Friday, December 21, 2012

Institutions of higher education take a cue from government when it comes to incompetent employees.

Generally, private employers can fire someone fairly easily if that person isn't doing his or her job unless there's a contract with a clause that somehow prevents this. If private employers can dismiss incompetent and dishonest employees, why can't it be done on the state level?  I'm referring to institutions of higher education, specifically those public institutions of higher education which may or may not be run by the state government but are still affiliated with it. Much of the management practices of these institutions stems from those used at the state government level.  

It's common knowledge at many institutions of higher education that you can't fire incompetent employees. You heard me right, common knowledge. Anyone who has enough years at the institution knows this and while they don't accept it, there's nothing they can do about it.  We've all come face-to-face with people who should have been canned long ago and we ask ourselves "why are they still here?" and that's because the system in place at the institution and within the state government, allows it to happen.

At a particular institution I know well, an employee may be terminated with just cause which includes incompetence, misconduct on or off the job, and unsatisfactory attendance. Depending on the offense, disciplinary actions include oral and written reprimands, suspension and dismissal. Despite this, everyone knows it takes an Act of Congress to dismiss an employee from the institution. Just ask how hard it is to get rid of a faculty member who is incompetent or commits an act of misconduct like sexual harassment or a person of minority status who is incompetent at his or her duties and commits an act of misconduct. It takes forever to get rid of them, if you get rid of them at all. I've seen cases where units are afraid to do anything and said individuals are allowed to resign, rather than be fired, if of course they are required to leave at all. Of course I suppose some would consider it being generous to allow a longtime employee to resign rather than have to endure the stigma of being fired but really,what message does it send? It screams that because one is a tenured professor or falls within a "protected class" or because you're related to someone in a high position, you're exempt from the rules."

What perpetuates this? Government. Who doesn't know that it's hard as hell to fire a government employee? Everyone knows when you get a job with the government it's pretty much for life. This extends to state0-run institutions, even those which are not state-governed but are still affiliated with the state (for example in Florida, the state universities are now known as public corporations but their payroll, benefits, and such are still handled by the state).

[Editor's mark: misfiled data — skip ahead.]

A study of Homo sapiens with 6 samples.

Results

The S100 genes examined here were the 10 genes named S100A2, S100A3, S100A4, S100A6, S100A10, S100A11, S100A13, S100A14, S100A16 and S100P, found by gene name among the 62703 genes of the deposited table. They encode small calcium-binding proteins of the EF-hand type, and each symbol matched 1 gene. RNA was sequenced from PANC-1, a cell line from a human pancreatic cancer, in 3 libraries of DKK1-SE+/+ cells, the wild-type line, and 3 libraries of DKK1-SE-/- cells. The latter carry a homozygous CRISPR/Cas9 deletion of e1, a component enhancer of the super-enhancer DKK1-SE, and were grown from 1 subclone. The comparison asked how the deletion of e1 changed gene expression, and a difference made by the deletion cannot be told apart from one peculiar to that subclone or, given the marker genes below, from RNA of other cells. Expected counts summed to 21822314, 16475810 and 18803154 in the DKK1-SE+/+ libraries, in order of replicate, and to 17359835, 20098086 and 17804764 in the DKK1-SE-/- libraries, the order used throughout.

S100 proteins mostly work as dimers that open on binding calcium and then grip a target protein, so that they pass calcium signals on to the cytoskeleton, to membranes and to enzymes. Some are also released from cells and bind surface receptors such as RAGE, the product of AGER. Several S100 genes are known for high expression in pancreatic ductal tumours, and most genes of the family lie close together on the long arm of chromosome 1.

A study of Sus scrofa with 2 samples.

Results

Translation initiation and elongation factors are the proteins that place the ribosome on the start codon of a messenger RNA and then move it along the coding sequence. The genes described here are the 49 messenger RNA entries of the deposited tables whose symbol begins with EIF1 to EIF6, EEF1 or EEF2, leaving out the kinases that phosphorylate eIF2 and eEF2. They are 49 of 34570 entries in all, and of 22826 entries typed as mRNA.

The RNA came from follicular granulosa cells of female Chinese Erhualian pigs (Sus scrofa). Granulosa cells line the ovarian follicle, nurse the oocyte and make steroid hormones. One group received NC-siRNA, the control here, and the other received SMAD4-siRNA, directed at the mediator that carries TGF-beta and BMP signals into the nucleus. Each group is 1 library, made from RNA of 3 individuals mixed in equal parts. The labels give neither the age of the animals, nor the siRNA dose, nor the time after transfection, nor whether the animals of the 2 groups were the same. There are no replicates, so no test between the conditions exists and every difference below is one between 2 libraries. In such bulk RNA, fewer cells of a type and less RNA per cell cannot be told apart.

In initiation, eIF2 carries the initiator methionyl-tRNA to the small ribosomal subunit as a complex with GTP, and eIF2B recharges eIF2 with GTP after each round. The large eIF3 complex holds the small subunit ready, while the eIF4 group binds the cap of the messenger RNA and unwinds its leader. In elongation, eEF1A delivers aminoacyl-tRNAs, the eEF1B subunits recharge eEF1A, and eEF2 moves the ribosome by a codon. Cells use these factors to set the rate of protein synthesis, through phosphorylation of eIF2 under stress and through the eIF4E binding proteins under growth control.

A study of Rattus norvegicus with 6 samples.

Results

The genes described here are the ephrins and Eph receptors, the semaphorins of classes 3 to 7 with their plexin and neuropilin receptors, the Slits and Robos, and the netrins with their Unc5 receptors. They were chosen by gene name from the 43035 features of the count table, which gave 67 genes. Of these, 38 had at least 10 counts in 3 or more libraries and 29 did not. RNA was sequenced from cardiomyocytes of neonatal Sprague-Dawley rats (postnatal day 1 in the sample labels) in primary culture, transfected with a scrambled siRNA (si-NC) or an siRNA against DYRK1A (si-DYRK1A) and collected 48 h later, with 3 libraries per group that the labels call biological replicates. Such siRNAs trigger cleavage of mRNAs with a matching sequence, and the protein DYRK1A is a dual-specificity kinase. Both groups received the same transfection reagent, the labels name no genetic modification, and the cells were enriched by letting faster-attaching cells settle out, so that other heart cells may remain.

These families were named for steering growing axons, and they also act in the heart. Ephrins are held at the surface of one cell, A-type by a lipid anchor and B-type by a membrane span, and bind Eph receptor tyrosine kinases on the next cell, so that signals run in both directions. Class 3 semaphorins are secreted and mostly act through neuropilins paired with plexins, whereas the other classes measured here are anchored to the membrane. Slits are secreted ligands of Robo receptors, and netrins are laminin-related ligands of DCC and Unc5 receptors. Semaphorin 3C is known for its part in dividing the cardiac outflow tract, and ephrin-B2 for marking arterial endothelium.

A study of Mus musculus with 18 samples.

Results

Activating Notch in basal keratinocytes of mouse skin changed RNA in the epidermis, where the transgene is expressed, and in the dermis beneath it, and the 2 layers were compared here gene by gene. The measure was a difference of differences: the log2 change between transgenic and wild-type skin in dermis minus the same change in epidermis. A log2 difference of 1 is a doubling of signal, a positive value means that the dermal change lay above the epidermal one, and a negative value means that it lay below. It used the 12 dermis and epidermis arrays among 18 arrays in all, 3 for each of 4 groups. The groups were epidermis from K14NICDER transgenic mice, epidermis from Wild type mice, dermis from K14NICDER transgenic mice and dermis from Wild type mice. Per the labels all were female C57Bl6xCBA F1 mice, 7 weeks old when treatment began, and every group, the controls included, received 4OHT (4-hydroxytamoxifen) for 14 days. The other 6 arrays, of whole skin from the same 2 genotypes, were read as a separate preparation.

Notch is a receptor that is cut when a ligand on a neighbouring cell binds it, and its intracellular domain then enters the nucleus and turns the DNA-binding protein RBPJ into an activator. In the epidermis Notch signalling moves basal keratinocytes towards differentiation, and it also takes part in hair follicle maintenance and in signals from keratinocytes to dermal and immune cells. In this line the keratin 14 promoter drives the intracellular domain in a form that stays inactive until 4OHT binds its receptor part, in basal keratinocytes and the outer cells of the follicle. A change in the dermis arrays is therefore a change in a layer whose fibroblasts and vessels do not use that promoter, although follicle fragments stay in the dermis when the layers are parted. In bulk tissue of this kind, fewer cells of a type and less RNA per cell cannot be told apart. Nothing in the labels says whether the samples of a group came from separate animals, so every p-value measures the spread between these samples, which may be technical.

There are,  in my opinion, two things that muck up the ability to fire incompetence. First, employee evaluations. One of the reasons it's nearly impossible to fire a long-term employee for incompetence is well...because their employee evaluations are generally good. Sure, good employees go bad, but more often than not, certain supervisors on campus give good evaluations on shitty employees because A) they don't want to be the the reason someone might get laid off, B) they like said person and want to protect them, or C) they just don't give a damn. (What other excuses could there be?) Not only does the intentional inflation of employee marks on a shitty employee's evaluation devalue the entire evaluation process but it goes against one of the reasons for evaluations in the first place---to rid the establishment of incompetence.  I've had people in positions of authority at an institution tell me it's common knowledge and yet there's nothing they can do to remedy it. Without a documented history of incompetence, how do you expect to get rid of someone for incompetence?

Second, is the problem of fear of being sued. Some supervisors fear terminating an employee for just cause but then being sued for racism. I recall a department where, for years, employees complained and yet nothing was done. The scuttlebutt among employees was the department was afraid of being sued.Whether this is the real reason certain individuals weren't let go is only speculation. Now, if it were one or two employees speculating, that's one thing, but when it's common knowledge throughout the institution then it's something different, then it's just...I don't know...negligence? Stupidity? Bullshit?

In addition, employees who witness incompetence, misappropriation of resources, bad behavior or anything else they find inappropriate, there's supposed to be a system set up where they can complain about it, however most don't use it because they fear repercussion and in the end, nothing will be done.  I'm sure at the top, they'll claim that this simply isn't true, that the system is set up to reward the productive employees and get rid of the incompetents, blah blah blah. These people sit in their ivory towers and the have absolutely no clue. They'll also say that it's not true that those who report this kind of thing will face retaliation. Sure they dispute that...they're not the ones blowing the whistle and in fear of losing their jobs. I'm sure they believe that and I'm sure the system wasn't intended to protect the wrong people, but let's face it...they're wrong and it does. I mean, really, when you can't find a single employee (one with brains and common sense that is) who can dispute this behavior goes on, then what else is there to be said? 

With any luck, sometime in the future, someone in a position of power is going to just have to have the balls to say "enough is enough" and do the right thing.  Until then, the only thing we can do is continue to bitch about it until someone finally pays attention.